Tidnish River Area [sic], Chignecto Canal Area, November 5, 1931.
This photo does not show the Tidnish River as noted in the description, rather it looks westward over the La Planche River in the foreground, and shows the Missaguash River in mid photo, the Elysian Fields in the upper left, and Wood Point, NB in the upper right on the far shore of Cumberland Basin. In addition to showing the great sweep and openness that is characteristic of the marsh landscape, one can also see the meandering and incised nature of the rivers where they meet the sea. Of particular interest is the human induced “surface topography” of the fields, showing the drains and crowning of the surface that farmers created to ensure better drainage and agricultural productivity.
Mount Allison University Archives, Richard Thorne McCully fonds, 7776 #234. May be reproduced only with permission of Mount Allison University Archives
Road and barns on High Marsh Road
This photograph is probably printed in reverse and appears to be the High Marsh Road looking west. A scene typical of the Tantramar Marshes up to the 1970s, many of these barns have now disappeared. Farmers engaged in the marsh hay economy favoured the use of comparatively small “English” barns as a means to store hay after it was made. Thus these buildings were not intended to fulfill other agricultural functions, such as housing livestock. The hay remained in these barns through the late summer and early fall and was then either loaded aboard wagons, rail cars or trucks for export to cities on the eastern seaboard, lumbering camps and mines, or hauled up to farmsteads on the adjacent ridges for use in feeding livestock over the winter. This practice led to a considerable scatter of these buildings across the marsh in the early 20th-century, most of these buildings being situated beside major or minor roads for ease of access.
Mount Allison University Archives, Robert Cunningham fonds, 7922\4b\29. May be reproduced only with permission of Mount Allison University Archives
River at low tide, August 1980
Edward (Ted) Pulford taught drawing and painting in the Department of Fine Arts at Mount Allison University and turned out a large body of watercolour painting of his own in which the Tantramar Marshes and other coastal scenes were featured. His paintings were particularly adept at capturing the changing seasons and moods of the landscape. He took many 35mm slides to serve as studies for his paintings. This image shows one of the rivers of the marsh at low tide, revealing the considerable tidal range that was characteristic of their diurnal flow before the creation of dykes and aboiteaux, which reduced this pattern. The dark sky and brooding clouds foreshadow a storm. Humans living in this locality are able to see the onset of weather events precisely because the landscape provides such a broad and unimpeded view of the horizon.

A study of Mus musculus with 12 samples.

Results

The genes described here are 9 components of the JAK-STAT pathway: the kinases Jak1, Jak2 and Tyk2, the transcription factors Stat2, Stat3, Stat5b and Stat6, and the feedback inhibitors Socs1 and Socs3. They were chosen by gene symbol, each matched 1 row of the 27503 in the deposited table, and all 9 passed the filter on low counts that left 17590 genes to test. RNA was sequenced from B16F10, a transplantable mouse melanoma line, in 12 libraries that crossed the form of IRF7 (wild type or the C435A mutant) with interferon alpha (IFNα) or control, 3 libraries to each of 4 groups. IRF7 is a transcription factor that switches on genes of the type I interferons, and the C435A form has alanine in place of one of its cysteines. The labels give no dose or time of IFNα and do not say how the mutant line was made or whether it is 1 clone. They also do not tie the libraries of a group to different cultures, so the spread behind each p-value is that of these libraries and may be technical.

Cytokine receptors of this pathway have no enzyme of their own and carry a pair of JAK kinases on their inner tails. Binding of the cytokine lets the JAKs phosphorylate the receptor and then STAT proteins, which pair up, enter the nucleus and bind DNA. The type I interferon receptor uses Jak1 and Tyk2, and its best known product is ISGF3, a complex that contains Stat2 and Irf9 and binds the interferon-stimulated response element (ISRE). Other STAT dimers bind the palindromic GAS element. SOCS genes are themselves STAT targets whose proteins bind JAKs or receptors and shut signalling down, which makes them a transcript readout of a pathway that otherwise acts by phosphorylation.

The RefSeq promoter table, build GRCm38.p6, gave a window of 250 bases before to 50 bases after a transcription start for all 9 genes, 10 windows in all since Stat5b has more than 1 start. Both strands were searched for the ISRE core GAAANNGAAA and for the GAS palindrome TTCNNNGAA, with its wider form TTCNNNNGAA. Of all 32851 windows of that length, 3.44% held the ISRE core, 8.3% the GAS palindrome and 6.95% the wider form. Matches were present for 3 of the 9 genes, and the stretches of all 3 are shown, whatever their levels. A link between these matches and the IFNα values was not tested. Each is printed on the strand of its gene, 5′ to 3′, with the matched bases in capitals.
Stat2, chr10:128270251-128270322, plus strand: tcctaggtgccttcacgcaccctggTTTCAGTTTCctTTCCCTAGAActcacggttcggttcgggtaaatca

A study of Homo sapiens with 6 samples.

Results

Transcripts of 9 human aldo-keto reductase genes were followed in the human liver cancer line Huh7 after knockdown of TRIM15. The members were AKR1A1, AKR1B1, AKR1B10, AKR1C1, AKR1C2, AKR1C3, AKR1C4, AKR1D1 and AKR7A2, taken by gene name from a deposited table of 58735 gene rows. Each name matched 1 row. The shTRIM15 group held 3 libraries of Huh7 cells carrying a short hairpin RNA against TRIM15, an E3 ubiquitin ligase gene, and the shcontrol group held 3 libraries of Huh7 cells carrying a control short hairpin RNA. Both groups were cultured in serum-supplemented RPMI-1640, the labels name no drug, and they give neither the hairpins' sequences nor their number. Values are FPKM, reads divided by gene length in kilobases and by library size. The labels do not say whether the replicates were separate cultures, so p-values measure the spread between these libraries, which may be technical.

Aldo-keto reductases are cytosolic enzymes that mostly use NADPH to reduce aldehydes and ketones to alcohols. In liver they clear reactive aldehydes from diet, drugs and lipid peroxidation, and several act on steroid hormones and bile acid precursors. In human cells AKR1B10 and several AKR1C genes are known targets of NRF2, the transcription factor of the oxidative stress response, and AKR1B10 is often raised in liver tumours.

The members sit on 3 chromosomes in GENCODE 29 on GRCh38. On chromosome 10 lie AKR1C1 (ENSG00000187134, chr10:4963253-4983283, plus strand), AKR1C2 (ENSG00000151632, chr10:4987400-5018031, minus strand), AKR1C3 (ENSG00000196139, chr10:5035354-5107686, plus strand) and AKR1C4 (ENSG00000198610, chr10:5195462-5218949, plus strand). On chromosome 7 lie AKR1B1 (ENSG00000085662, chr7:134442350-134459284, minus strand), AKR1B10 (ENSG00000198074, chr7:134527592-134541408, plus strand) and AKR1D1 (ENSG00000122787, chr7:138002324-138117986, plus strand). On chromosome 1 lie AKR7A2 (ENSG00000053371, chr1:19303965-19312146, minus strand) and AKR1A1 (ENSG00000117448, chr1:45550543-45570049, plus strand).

Mount Allison University Archives, Edward Pulford fonds, 9625\1\12. May be reproduced only with permission of Mount Allison University Archives
River and dyke in winter, February 1976
A remarkable winter phenomenon visible along the coast and rivers of the Bay of Fundy region is the presence of winter ice that moves about the shore with each tide or which can be thrown up onto the adjacent land surfaces by storms. This scene is typical of this pattern though it does not reveal the embedded red mud that so often characterizes the ice pans or frozen exposed river bed at low tide. Through persistent freeze-thaw cycles the water-landscapes give rise to chocolate-coloured ice sculptures when exposed.
Mount Allison University Archives, Edward Pulford fonds, 9625\1\5. May be reproduced only with permission of Mount Allison University Archives.